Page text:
McDonald's UK boss has admitted the fast-food chain is receiving between one or two sexual harassment claims a week following a BBC investigation.
Alistair Macrow told MPs it had received more than 400 complaints from workers since July, when the BBC uncovered hundreds of allegations.
He said 18 people had since been sacked but he did not know how many complaints had been referred to the police.
The BBC found that workers as young as 17 were being groped and harassed.
They said they experienced a toxic workplace culture at McDonald's where claims of sexual assault, racism and bullying were not taken seriously.
Mr Macrow told the Business and Trade Select Committee on Tuesday that McDonald's UK had received 407 employee complaints of a varying nature since July.
Following the BBC's initial report in the summer, Mr Macrow set up an investigation handling unit to deal with complaints.
Of the 157 complaints that have been investigated, Mr Macrow said 17 complaints were about sexual harassment and had led to disciplinary action. He added that nine related to bullying and one was about racial harassment.
In relation to the outstanding cases yet to be probed, 27 complaints are about sexual harassment, he added.
Mr Macrow said: "To give you a picture of what we see on an ongoing basis, we typically would see between 20 to 25 contacts per week, of which one or two would be sexual harassment."
The fast-food chain is one of the biggest private sector employers in the UK, employing more than 170,000 people.
It has one of the UK's youngest workforces, with three quarters of staff aged 16 to 25 and, for many, it is their first job.
In total, it has 1,450 restaurants. According to Mr Macrow, 89% of its branches in the UK are operated by franchisees. But he admitted that no franchisees had yet lost their contracts due to claims of harassment and abuse.
Liam Byrne, chair of the Business and Trade Committee, asked the McDonald's boss if "profit was more important than protecting workers".
Mr Macrow said it was "absolutely not the case".
"The most important thing in our business is our people. We do everything we can to look after our people," he added.
More than 200 current and former McDonald's workers spoke to the BBC about their experience of working at the fast-food chain, with a number claiming they were subject to sexual abuse and harassment by colleagues and superiors.
Among those was Ed and Emily, who both attended the committee hearing on Tuesday. They both said they did not feel reassured by what Mr Macrow said.
Emily was 17 when she got her first post-college job at a McDonald's in north west England. She was groped and hit on the bottom by her manager. She reported him on the company's staff support service but never received a reply.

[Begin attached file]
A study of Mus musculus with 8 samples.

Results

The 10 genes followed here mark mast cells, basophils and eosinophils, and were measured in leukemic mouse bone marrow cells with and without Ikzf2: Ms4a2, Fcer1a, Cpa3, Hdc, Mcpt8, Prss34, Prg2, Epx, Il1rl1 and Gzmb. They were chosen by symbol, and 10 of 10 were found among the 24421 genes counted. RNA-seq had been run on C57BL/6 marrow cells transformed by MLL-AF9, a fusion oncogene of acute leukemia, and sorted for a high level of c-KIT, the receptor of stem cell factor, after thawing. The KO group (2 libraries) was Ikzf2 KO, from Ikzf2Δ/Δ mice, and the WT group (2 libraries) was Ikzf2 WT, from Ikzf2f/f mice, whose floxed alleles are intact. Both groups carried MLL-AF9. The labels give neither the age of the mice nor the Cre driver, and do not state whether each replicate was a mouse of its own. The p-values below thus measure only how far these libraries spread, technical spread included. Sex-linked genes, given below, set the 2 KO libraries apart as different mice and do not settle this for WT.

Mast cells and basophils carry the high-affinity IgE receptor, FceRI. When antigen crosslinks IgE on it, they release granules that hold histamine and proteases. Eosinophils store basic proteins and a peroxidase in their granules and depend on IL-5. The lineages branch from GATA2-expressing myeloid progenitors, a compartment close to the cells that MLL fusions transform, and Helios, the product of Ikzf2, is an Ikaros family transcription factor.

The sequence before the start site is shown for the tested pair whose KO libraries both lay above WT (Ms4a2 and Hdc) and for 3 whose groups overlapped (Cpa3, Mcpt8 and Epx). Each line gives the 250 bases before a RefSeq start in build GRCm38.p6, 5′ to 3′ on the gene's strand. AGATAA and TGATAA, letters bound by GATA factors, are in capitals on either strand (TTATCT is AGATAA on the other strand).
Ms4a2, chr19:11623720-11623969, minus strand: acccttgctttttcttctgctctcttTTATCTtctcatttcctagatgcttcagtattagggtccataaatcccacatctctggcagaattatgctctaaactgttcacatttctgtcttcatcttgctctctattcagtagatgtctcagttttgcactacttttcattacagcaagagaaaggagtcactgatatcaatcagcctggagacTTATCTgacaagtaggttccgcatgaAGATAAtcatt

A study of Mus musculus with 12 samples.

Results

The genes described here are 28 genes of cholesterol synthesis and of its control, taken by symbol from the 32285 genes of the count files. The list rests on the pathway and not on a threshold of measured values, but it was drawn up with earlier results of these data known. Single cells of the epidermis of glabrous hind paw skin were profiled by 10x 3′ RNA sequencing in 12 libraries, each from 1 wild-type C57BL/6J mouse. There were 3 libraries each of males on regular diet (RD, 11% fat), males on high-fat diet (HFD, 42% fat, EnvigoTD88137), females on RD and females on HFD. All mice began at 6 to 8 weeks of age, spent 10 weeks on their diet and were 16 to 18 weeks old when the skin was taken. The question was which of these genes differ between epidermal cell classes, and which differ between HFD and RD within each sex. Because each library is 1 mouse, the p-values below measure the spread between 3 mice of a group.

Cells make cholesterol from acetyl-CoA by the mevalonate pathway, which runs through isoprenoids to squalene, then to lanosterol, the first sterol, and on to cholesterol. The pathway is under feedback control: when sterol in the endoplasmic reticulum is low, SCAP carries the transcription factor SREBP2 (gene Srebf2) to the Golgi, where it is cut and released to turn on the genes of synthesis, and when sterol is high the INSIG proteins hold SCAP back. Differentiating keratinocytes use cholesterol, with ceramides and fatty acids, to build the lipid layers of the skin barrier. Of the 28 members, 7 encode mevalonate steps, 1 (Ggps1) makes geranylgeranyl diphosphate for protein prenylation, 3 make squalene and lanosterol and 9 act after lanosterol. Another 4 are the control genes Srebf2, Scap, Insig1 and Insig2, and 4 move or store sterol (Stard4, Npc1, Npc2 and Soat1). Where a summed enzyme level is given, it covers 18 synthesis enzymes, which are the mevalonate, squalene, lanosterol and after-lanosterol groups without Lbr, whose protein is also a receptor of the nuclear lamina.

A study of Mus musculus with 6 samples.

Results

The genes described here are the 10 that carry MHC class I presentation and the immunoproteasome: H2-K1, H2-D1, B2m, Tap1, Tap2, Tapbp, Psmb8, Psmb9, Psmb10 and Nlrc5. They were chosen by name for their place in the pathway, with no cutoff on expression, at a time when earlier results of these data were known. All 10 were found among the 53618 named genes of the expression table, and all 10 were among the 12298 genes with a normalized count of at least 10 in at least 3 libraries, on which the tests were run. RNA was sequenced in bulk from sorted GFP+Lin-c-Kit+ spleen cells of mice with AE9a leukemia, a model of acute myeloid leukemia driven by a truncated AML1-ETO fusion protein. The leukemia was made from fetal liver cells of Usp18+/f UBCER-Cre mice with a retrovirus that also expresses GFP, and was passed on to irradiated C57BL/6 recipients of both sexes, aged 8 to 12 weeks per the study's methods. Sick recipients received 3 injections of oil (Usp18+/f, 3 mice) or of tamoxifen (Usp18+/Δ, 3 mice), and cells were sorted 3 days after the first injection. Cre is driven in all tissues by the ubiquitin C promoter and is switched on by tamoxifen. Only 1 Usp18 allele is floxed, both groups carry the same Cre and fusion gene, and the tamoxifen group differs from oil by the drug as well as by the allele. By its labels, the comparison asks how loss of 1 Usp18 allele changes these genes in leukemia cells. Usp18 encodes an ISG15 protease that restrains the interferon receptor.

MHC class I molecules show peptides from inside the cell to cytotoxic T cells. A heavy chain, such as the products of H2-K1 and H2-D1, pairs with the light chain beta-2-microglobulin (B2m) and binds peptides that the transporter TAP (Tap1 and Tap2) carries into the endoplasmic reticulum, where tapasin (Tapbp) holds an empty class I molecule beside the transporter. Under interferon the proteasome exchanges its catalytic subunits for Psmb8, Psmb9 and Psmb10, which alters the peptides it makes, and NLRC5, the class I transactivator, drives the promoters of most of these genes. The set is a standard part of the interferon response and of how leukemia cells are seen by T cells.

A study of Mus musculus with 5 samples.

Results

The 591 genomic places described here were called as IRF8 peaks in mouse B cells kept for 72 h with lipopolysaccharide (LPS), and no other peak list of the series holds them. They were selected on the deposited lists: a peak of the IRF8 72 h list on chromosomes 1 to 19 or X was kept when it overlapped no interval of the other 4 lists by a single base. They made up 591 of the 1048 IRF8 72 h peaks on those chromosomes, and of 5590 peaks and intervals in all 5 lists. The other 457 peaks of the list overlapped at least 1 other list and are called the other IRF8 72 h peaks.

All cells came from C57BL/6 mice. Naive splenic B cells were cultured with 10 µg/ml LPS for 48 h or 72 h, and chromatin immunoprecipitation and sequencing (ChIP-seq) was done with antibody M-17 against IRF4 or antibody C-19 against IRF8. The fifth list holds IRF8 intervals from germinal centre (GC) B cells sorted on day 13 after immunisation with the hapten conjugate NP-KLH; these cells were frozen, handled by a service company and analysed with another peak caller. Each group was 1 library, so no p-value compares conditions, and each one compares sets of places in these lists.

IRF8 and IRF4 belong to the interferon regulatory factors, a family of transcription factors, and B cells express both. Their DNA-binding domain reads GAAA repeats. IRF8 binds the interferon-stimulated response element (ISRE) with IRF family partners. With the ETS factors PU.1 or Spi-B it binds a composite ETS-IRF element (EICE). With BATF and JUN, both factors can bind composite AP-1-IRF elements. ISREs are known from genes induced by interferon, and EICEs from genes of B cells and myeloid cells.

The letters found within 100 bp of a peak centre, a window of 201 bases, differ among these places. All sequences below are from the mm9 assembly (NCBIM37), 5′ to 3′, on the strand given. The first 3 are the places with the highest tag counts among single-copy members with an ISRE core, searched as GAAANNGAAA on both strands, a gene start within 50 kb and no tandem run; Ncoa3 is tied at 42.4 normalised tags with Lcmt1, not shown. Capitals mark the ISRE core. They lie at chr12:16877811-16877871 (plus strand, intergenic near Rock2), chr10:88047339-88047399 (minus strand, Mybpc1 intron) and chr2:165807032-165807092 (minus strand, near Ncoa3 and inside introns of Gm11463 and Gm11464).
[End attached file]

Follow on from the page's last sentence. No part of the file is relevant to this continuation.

She believes that Mr Macrow and McDonald's does put profit before people.
"When I was working at McDonald's it was very clear to me that I was easily replaceable," she told the BBC. "I think that it's definitely true that he has put profit before the people because as soon as I brought forth an allegation, I was fired.
"So it's easier for them to just fire me than actually look into these allegations."
Mr Macrow said the testimony from workers had been "truly horrific" and "very difficult to hear".
He admitted that some of the complaints reported to McDonald's independent handling unit "stretch back as far as the 1980s", adding: "Clearly those more recent we were able to investigate more fully."
Ed was 16 when he started working in McDonald's at the beginning of this year. He said a senior manager made sexual innuendos and repeatedly asked him for sex. He raised it with a senior manager, but nothing was done.
Eventually, after months of harassment, he quit in April.
He said that hearing that more than 400 complaints had made to McDonald's in the past four months "was quite shocking and upsetting and I think is damning evidence against McDonald's that they need to change".
But he added: "What you should be thinking about is how many people have been unable to make those complaints, who've been scared to complain, particularly to managers who will be controlling their hours.
"Who else is currently being harassed or going through something and is unable to come forward?"
Ian Hodson, national president at the Bakers, Food and Allied Workers Union, also appeared before MPs and said some stories that it had been told by McDonald's employees were "absolutely horrific".
"And it shouldn't happen," he said. "In the 21st century, in the UK, it shouldn't happen."
Mr Hodson added: "When a global corporation, [one of the] biggest employers in the world that makes billions and billions of pounds, can't protect its workforce it's awful. It should be leading and be an example for others - but they're not."